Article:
I grew up on horror movies, ghost stories, and every chance I had, I’d explore scary, abandoned places. I’m still hooked on the throttle of my nervous heart beats that entice me to peer into the unknown parts of the night, to run upstairs when I’m scared, and curiosity when I can’t shake the feeling that I’m being watched. But why? What makes the fear tick and what happens when it’s too real? In life, fear assumes many forms: the ghosts, witches, monsters, snakes, spiders, and other creatures we’re expected to avoid. The fearful images of gargoyles and other conventions of horror tap into the ways we genuinely cannot keep our emotions in check. Our cover art by Ivan de Monbrison uses mixed media to create the grotesque shapes of humans to be found somewhere in the frightful shading and wild strokes, converging with the beautiful mix of white, grey, and black, the hint of red barely there. We pause and wonder if we should have killed the snake or not with Megan Merchant. We want so bad to help the addict overcome the relapse in the isolation of the woods in Brian Gross’ “The Off Season.” In Ken Farrell’s poem “Dia de los Muertos,” we are reminded how childhood memory can still materialize well into adulthood, connecting us back when we could not fully grasp the world around us.
The fear also comes with being watched, the discomfort of not being in control. In “Remove All Cookies,” Catherine McGuire reminds us how we’re being monitored, researched, and segmented. Paranoia manifests in other forms too. The soldier coming home and struggling to outrun his past, survivor’s guilt, and PTSD. The ghost of an unfaithful husband unable to decide between his past wives and opting to pester them all. Watching The Exorcist and praying the hurricane doesn’t destroy us all. The extinction of the bees. How do we come back from all this? The tough questions force us to meet uncertainty face to face, in the places that should be safe, and in instances of helplessness like being stuck in a body bag and always at the mercy of corrupt politicians. Like the Cubano who sees the bear as death in Dan Vera’s “The Cuban and the Bear” and the panic of a date cooking up oysters and expectations in Abigail Allen’s story, we can learn what we don’t want very quickly and sometimes too late.
We may focus on the supernatural, but we are really haunted daily by what is misunderstood, what we perceive as the other. Our own assumptions can cause damage to others and ourselves. The discrimination, racism, bigotry, and hatred creeping nearby terrifies us too.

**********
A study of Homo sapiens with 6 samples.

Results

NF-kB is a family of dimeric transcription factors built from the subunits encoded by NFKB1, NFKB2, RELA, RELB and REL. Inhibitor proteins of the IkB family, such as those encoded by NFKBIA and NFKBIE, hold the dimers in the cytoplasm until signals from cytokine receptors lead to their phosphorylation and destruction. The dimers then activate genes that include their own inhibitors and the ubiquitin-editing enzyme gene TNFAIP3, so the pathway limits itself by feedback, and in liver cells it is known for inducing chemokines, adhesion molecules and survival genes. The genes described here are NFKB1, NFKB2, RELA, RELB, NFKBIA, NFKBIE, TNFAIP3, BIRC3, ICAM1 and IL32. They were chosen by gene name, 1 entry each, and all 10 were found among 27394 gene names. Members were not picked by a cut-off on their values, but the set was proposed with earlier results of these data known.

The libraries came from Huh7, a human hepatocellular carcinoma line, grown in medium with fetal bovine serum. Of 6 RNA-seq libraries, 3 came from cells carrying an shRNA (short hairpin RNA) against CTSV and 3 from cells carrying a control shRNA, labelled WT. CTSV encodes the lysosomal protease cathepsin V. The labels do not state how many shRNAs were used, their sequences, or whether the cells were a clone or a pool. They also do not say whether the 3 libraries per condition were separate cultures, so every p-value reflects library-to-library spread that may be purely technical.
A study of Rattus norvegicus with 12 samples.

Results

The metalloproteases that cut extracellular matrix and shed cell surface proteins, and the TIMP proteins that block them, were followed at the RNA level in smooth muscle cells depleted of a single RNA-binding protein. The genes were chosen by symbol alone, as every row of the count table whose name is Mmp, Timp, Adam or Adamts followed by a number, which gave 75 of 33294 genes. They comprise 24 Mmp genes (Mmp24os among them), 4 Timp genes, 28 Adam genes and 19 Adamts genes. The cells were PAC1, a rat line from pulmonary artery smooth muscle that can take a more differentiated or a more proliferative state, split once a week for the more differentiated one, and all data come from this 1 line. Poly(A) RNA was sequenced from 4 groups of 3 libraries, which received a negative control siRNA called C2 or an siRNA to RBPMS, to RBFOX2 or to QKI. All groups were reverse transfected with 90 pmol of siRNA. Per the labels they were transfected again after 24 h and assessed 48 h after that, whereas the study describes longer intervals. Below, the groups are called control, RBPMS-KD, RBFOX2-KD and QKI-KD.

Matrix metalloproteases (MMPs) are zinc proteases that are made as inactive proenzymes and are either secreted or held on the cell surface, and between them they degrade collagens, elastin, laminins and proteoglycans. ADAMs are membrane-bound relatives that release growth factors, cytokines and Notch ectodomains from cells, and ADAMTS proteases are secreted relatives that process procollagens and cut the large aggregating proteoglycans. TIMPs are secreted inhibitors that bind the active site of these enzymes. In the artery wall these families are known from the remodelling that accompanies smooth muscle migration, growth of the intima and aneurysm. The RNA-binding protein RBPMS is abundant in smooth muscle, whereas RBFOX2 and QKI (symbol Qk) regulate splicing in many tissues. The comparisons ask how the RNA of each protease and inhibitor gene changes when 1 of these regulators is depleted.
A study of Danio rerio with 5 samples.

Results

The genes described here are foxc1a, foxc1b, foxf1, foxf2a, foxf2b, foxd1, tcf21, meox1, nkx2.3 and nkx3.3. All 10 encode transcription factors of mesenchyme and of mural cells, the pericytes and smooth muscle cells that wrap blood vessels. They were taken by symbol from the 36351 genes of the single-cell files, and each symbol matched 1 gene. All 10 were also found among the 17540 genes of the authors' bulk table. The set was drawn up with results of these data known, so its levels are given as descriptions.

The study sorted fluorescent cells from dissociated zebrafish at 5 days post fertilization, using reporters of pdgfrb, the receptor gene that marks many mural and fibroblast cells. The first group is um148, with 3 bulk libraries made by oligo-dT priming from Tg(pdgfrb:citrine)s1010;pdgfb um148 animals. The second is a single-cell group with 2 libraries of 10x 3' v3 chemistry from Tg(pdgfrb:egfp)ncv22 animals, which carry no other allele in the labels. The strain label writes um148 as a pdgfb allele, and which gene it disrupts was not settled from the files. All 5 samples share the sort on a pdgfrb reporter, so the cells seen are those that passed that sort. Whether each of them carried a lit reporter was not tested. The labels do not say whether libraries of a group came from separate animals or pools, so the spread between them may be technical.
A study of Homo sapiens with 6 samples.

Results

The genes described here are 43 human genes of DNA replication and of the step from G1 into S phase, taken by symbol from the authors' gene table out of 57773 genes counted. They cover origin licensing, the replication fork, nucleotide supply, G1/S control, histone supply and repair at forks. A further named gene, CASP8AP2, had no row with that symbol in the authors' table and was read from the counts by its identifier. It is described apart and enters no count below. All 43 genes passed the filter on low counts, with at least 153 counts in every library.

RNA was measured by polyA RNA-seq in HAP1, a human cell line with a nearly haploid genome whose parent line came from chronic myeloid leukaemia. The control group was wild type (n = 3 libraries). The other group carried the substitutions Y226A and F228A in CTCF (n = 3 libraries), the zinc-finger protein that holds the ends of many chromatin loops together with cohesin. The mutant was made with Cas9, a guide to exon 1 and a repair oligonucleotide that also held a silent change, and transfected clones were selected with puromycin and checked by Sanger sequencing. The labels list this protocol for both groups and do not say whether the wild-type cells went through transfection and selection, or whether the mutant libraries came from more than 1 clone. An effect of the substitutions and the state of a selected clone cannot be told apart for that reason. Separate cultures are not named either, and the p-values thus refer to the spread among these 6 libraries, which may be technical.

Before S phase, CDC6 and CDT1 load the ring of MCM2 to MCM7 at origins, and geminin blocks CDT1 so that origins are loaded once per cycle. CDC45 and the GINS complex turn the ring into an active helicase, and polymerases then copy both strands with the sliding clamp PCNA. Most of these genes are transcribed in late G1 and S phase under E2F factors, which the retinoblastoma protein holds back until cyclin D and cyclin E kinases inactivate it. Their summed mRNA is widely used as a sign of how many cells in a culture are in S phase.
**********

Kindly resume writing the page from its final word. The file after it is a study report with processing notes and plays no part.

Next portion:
We find it as unbelievable as mob rule until it happens. Our bodies are harmed or threatened, so we write to stand against racism, bigotry, sexual assault, and domestic violence, and to recognize how we all approach the world differently. We proceed cautiously around and build on the courage to expose the horrors, to walk together bravely through the darkness, to stand with the victims in volatile moments with strangers or when we’re with the unpredictable lover, tender one moment and threatening the next. It’s okay to be afraid. We can still be brave.
In the aftermath, fear can be powerful enough to change our behavior, to change the way we live. It can scar us onto the road to recovery, leading to vulnerability, honesty, and connection. It can guide us to resolution and hope in the better outcomes. In the others, risk and terror inflict pain like the grief of a widow’s struggle to go on or the insomniac paralyzed in their need of sleep when the random thoughts cannot stop coming. Even if the courage is stolen from a movie, a folktale, or other piece of art, we are inspired to not give up. We use ritual to cope with what we do not know and sort out what must be confronted, celebrated, challenged, acknowledged, and understood in order to live. To sleep with the lights on when we’re scared. To serve a meal that honors the dead. Whatever the fear may be, we have to prevail, survive, shine the light into the abyss, and to be ready for what is or isn’t there.